Edinburgh pub owner blasts council after being told to take down seating area within weeks

A dismayed pub owner has lashed out at the council, after they ordered him to remove extended outdoor seating – which he says has been a “lifeline” – by the end of September.

By Jolene Campbell
Saturday, 31st July 2021, 4:55 am
The council has told the Scotsman to dismantle the outdoor seating area by end of September
The council has told the Scotsman to dismantle the outdoor seating area by end of September

In a major blow to the The Scotsman Lounge, the council have confirmed the pub has to dismantle their temporary outdoor seating area within the next eight weeks.

Daniel McNally, who leases with his brother Finbarr, says the forced removal of their the raised wooden platform, which allows them to serve five times more customers, will mean their business could go to the wall.

He is demanding answers over the council decision, which comes despite updated Scottish Government guidance to extend the original September deadline for removal of temporary outdoor structures to the end of March 2022.


The wooden structure, which was put up in April to extend outdoor seating as easing measures came into force, allows the pub on Cockburn Street to serve an additional 60 customers outside.

But once it’s removed, the pub will only be able to serve 18 people indoors and another 12 outside with current distancing requirements.

Shona Robison Cabinet Secretary for Local Government, wrote to council chiefs on July 15, giving six months reprieve on temporary outdoor structures to allow the hospitality sector time to remove them or apply to councils for a formal warrant.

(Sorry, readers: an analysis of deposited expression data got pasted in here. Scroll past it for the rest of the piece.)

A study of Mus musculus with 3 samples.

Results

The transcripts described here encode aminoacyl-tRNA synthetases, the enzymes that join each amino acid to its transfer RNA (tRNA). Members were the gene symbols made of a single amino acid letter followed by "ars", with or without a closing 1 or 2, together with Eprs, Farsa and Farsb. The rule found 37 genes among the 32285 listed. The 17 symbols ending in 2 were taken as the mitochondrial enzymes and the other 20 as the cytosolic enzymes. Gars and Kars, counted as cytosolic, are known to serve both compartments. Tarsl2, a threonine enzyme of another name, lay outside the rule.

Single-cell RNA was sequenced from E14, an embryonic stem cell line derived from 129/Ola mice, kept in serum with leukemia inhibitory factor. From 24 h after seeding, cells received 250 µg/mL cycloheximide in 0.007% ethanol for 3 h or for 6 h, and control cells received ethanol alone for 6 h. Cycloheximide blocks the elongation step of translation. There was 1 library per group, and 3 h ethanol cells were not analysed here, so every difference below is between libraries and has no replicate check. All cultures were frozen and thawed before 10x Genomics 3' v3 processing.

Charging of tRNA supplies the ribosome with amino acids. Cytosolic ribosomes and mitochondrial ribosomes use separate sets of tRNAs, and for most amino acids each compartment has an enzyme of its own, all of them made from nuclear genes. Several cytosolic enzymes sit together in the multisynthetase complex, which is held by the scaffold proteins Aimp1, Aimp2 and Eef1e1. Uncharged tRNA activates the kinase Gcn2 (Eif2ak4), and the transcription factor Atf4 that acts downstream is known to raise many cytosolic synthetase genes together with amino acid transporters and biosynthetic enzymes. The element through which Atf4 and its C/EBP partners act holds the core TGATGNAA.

In the letter, Ms Robison encourages councils to work with businesses to “encourage the sector to take steps to provide a safe and pleasant environment for customers while supporting the economic recovery of the sector”.

She states: “I do not wish the limitation on the number of days to be enforced against reasonable temporary outdoor buildings should a longer period be appropriate and helpful to businesses.”

But a council official has told Mr McNally that the pub’s temporary structure with extended tables and chairs has to be removed by September 30, when his permit expires.

Now he is in talks with other local pub and restaurant owners to start a petition.

He said: “Having the extra outdoor seating has been a lifeline. We would have had to shut our doors without it.

"We have survived with that and the good weather. It's very disappointing that the council are saying it has to come down in September. “The Government has clearly told councils it can be extended to March. They need to be more forward-thinking here.”

"The virus has not gone and many people still feel safer being able to sit outside.

"I don’t see how the trade will make it through the winter. If I don't have that structure I could only sit 12 people outside.”

"We are not out of the woods yet. Things have picked up and we have taken on seven new staff since May. But we are still carrying massive debt after we were closed for a year and still paying full rent. We are just a small business trying to make a living.

"The Scottish Government has told councils to work with businesses on this but they haven’t. They just said no. No explanation. Answers are needed here. They are leaving us high and dry.”

Responding to Mr McNally’s pleas, the council stresses that, while licences for temporary additional structures will come to an end in September, many premises, including the Scotsman Lounge, still have a permanent licence for tables and chairs, which will continue.

Council Leader Adam McVey said: “A huge amount of support has been offered to the hospitality sector since last March which has included greater flexibility in allowing businesses to provide additional outdoor structures for their customers as well as a fee waiver for their table and chairs permit.

"This was always meant as a temporary measure and needs to be balanced with wider community needs and others also using the space, typically on a public walkway.

“The situation regarding the pandemic continues to be fluid and we’ll revise our approach in line with public health guidance as required.”